Karen talks about her experience of breast cancer

"The news that I'd need a mastectomy actually came as more of a shock than getting the original news of my breast cancer. No one had ever mentioned the possibility that a lumpectomy might not be enough.

I was working for Channel 4 when I experienced problems with my tummy. Luckily, through Channel 4 I had access to private health care and went to see a Gastroenterology specialist. I was examined thoroughly and had a lot scans to see if they could find what the problem was. I was very relieved when I went back for the results to be told they couldn’t find anything wrong. However, they said even though my tummy seemed to be fine they had seen a tiny lump in one of my breasts and advised me to have it checked out.

To be honest, I wasn’t really worried as I had found a lump in the same breast when I was at university and it had turned out to be a cyst. 

I made an appointment to see my GP and told her I couldn’t feel a lump and on examination she said she couldn’t feel one either. My GP said it was best to have a biopsy just to be sure but that I wasn’t to worry as she was pretty sure it would be fine. After the biopsy I was sent to have my first ever mammogram as I was too young to have had one previously.

When I returned for the results, I was told that indeed the original tiny lump in my breast was just a cyst but the results of the mammogram showed a different lump in my other breast and that it was suspicious. Further biopsies confirmed it was cancer not long afterwards. 

To this day, I still joke that Channel 4 saved my life!

The Breast Care Specialist told me that it was invasive ductal carcinoma (IDC), also known as infiltrating ductal carcinoma. I’ve been told that IDC is the most common form of breast cancer, representing 80 percent of all breast cancer diagnoses. Being told my cancer was “very treatable” was good to hear but I hadn’t taken anyone with me to get the results as I thought they would have said “bring someone with you” if it was going to be bad news. 

The next step was a lumpectomy, this involves surgery to remove cancer or other abnormal tissue from your breast – unlike a mastectomy only a portion of the breast is removed. Unfortunately there was no clear margin (a pathologist examines this rim of tissue - called the surgical margin to be sure it’s clear of any cancer cells). Decisions were made and more surgery was needed to remove any remaining cancer cells, just to be sure. Again, there were no clear margins so to minimize any risks I had a mastectomy in November 2018.

The news that I'd need a mastectomy actually came as more of a shock than getting the original news of my breast cancer. No one had ever mentioned the possibility that a lumpectomy might not be enough. I think they drip-feed you information as you go along with your treatment as it would be overwhelming if they went over every possible scenario.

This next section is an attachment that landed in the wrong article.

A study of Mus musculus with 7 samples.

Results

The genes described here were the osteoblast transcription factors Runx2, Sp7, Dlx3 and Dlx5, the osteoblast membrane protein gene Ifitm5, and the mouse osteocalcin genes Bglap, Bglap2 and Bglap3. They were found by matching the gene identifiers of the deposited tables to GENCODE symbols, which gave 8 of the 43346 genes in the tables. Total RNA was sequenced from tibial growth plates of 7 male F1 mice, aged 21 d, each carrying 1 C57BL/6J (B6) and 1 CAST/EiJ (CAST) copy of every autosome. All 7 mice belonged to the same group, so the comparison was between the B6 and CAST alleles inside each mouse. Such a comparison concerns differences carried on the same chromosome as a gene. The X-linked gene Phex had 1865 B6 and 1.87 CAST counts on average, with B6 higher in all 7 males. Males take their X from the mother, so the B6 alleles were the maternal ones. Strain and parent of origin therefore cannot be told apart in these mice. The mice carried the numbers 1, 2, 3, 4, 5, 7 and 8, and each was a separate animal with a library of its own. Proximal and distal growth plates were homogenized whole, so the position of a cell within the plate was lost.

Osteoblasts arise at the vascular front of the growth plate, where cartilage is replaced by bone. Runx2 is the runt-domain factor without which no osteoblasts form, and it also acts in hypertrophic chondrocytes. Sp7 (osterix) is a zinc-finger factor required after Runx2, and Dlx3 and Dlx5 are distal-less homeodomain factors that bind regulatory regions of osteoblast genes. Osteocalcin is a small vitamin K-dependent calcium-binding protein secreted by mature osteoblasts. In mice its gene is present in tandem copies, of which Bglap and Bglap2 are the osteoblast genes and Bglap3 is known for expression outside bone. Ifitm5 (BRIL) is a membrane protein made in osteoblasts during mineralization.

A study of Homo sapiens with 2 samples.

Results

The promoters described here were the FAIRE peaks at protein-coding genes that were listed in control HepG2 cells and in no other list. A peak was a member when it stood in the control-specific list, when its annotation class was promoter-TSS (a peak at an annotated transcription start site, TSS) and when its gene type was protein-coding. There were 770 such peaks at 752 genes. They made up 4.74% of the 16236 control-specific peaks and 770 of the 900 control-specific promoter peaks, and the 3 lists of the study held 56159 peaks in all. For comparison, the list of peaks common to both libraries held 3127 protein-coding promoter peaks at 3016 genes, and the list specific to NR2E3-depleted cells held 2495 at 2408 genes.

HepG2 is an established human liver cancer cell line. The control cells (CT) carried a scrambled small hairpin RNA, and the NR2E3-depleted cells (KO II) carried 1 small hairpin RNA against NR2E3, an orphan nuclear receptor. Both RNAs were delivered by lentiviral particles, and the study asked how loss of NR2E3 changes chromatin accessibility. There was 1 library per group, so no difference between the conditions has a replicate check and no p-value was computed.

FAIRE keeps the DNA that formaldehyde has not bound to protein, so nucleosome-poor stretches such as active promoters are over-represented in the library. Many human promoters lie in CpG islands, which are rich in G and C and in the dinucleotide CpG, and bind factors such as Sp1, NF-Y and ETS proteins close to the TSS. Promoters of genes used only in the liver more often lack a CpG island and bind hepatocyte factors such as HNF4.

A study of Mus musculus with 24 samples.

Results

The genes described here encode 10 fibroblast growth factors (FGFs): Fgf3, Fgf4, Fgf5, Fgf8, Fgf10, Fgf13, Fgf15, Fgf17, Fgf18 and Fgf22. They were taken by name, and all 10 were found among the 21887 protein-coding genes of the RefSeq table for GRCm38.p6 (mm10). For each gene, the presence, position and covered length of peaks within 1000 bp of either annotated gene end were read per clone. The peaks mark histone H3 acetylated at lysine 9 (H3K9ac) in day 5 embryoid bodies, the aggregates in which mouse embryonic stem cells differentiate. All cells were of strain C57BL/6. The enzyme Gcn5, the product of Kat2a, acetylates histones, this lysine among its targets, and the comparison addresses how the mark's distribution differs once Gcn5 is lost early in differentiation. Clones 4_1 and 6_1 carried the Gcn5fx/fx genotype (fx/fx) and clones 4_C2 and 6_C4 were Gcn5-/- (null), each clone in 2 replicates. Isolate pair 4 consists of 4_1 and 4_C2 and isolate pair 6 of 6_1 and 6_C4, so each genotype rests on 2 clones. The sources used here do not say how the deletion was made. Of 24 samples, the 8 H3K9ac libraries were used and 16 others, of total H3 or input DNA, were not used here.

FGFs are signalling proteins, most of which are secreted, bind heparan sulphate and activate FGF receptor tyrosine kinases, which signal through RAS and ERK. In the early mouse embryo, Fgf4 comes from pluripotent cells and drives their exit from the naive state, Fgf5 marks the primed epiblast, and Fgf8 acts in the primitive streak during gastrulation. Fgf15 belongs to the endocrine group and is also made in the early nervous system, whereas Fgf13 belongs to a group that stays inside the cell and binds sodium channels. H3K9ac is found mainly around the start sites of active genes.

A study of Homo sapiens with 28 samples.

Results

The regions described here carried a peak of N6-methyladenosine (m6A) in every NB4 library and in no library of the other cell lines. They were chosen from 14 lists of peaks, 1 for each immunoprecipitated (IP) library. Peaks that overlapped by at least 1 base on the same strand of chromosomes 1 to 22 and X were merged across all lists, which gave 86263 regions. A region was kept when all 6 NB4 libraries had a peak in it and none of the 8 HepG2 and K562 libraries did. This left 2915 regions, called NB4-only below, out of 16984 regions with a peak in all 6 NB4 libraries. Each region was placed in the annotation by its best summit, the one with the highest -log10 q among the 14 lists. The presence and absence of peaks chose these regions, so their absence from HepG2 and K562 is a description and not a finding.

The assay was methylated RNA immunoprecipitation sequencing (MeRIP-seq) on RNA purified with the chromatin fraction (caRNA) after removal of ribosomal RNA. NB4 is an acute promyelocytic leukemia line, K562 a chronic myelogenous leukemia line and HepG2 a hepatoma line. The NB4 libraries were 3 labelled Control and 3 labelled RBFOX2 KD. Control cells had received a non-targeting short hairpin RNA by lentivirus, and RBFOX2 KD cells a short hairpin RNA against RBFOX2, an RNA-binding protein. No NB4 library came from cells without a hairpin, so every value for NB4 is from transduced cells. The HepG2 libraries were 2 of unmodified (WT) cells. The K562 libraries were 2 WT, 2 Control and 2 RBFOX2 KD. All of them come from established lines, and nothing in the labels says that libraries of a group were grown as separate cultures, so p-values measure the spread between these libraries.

My brother, Steve and sister-in-law, Cathy have been a huge support to me through my treatment and recovery. I don’t live near my family so it has been a little difficult at times. Steve and Cathy came to stay with me after my operations and I was very thankful for their care. I had DIEP flap surgery to reconstruct my breast after the mastectomy. An incision is made along your bikini line and a portion of skin, fat, and blood vessels is taken from the lower half of your belly, moved up to your chest, and formed into a breast shape. It’s definitely something that takes a while to recover from and I stayed with my brother over the Christmas period for some extra TLC. I was relieved that I wouldn’t need chemotherapy or radiotherapy but sometimes do feel guilty that I’m a cancer ‘fraud’ for only needing surgery. 

I must mention that the support groups I found on Social media were fantastic. Living on your own can be quite isolating, especially during the pandemic lockdown, but there was always someone to chat with, day or night, and I feel very grateful for all the support I received. I even decided to start blogging about my cancer treatment and have been touched by how many people have said they’ve found it helpful in understanding what cancer patients go through. I called it atozeeofbc.com. 

I was looking forward to doing the MoonWalk London in 2020 and it's sad that COVID has meant it couldn't take place this year. But I'll be there on the starting line, in my decorated bra, when we're able to do charity walks again. I've done The MoonWalk London before, two Half Moons and one Full Moon, but this time it will different.

It will be the first fundraising event I've done since being diagnosed and although the previous walks were great fun, it will feel so brilliant to be able to help people like me, who are going through treatment, now I understand what that really means. I think it has special importance now, when COVID has stopped not only cancer charity events but also delayed cancer diagnosis or treatment for some many people. The pandemic has been terrible but cancer patients can't be forgotten and need support now more than ever”. - Karen

If you feel inspired to unite with us against breast cancer... check out our challenges here and if you would like to share your story with us, please email us and we will be in touch.